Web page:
Project Retrospectives: Looking Back to Look Ahead
Reflecting on previous project experience is the best way to pursue continuous improvement and reduce future pain.
If you keep working in the same way, there’s no reason to expect future projects to go any better than previous projects. Continuous learning and process tuning are hallmarks of successful organizations. A retrospective is the most effective way to look back on completed work as part of a culture of continuous improvement.
Reflecting on completed projects or development iterations can yield insights that help future work be far more successful. Retrospectives are an intrinsic element of many agile software development approaches, as the team can apply lessons learned from early sprints immediately to improve their future sprints.
A retrospective is a structured way to gather knowledge, insights, metrics, and artifacts from a completed project, phase, or development iteration. Even in daily life, taking the time to reflect on why something unpleasant happened helps you to avoid a recurrence.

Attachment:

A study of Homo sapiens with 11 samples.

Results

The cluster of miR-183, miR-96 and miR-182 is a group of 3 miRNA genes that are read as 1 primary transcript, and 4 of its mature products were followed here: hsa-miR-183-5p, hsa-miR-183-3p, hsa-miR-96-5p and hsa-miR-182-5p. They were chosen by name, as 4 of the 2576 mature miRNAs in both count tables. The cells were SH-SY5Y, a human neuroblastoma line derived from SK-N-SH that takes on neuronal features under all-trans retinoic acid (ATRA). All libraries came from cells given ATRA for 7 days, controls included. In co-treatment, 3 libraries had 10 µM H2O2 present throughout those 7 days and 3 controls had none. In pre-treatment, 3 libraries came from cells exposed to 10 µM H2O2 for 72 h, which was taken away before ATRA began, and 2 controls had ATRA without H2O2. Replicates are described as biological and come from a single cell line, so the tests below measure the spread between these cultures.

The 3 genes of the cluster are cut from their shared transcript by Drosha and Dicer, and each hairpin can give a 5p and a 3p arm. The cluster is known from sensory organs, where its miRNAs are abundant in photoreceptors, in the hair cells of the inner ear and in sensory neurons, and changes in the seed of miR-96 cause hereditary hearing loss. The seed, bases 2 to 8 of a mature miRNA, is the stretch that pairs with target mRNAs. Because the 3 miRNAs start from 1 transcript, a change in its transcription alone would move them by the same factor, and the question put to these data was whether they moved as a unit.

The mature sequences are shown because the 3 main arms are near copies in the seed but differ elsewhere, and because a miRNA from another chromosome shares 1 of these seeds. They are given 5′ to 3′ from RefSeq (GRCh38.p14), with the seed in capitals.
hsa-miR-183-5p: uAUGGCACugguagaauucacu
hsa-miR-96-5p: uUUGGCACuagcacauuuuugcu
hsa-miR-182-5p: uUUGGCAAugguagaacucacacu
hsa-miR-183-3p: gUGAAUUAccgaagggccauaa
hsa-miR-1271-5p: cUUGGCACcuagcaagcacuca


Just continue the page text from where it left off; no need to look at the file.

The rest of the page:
A formal retrospective provides closure. It’s a way for the participants to share their observations and experiences away from the day-to-day project pressures. Even if the project was a colossal failure, the lessons you harvest from it can produce something positive from the experience.
Retrospectives are sometimes called post-project reviews, debriefings, or post-mortems (even when the project survived!). Retrospective is a neutral term that suggests a contemplative reflection on previous experience to gain practical wisdom and improve future performance.
When to Hold a Retrospective
Hold a retrospective whenever you want to gather information about your project, evaluate how the work is going, or understand why it went the way it did. Agile projects iterate through a series of development cycles; gather lessons after each such sprint or iteration to help you with those that remain. Reflecting on past experience is especially worthwhile any time something went particularly well or particularly wrong.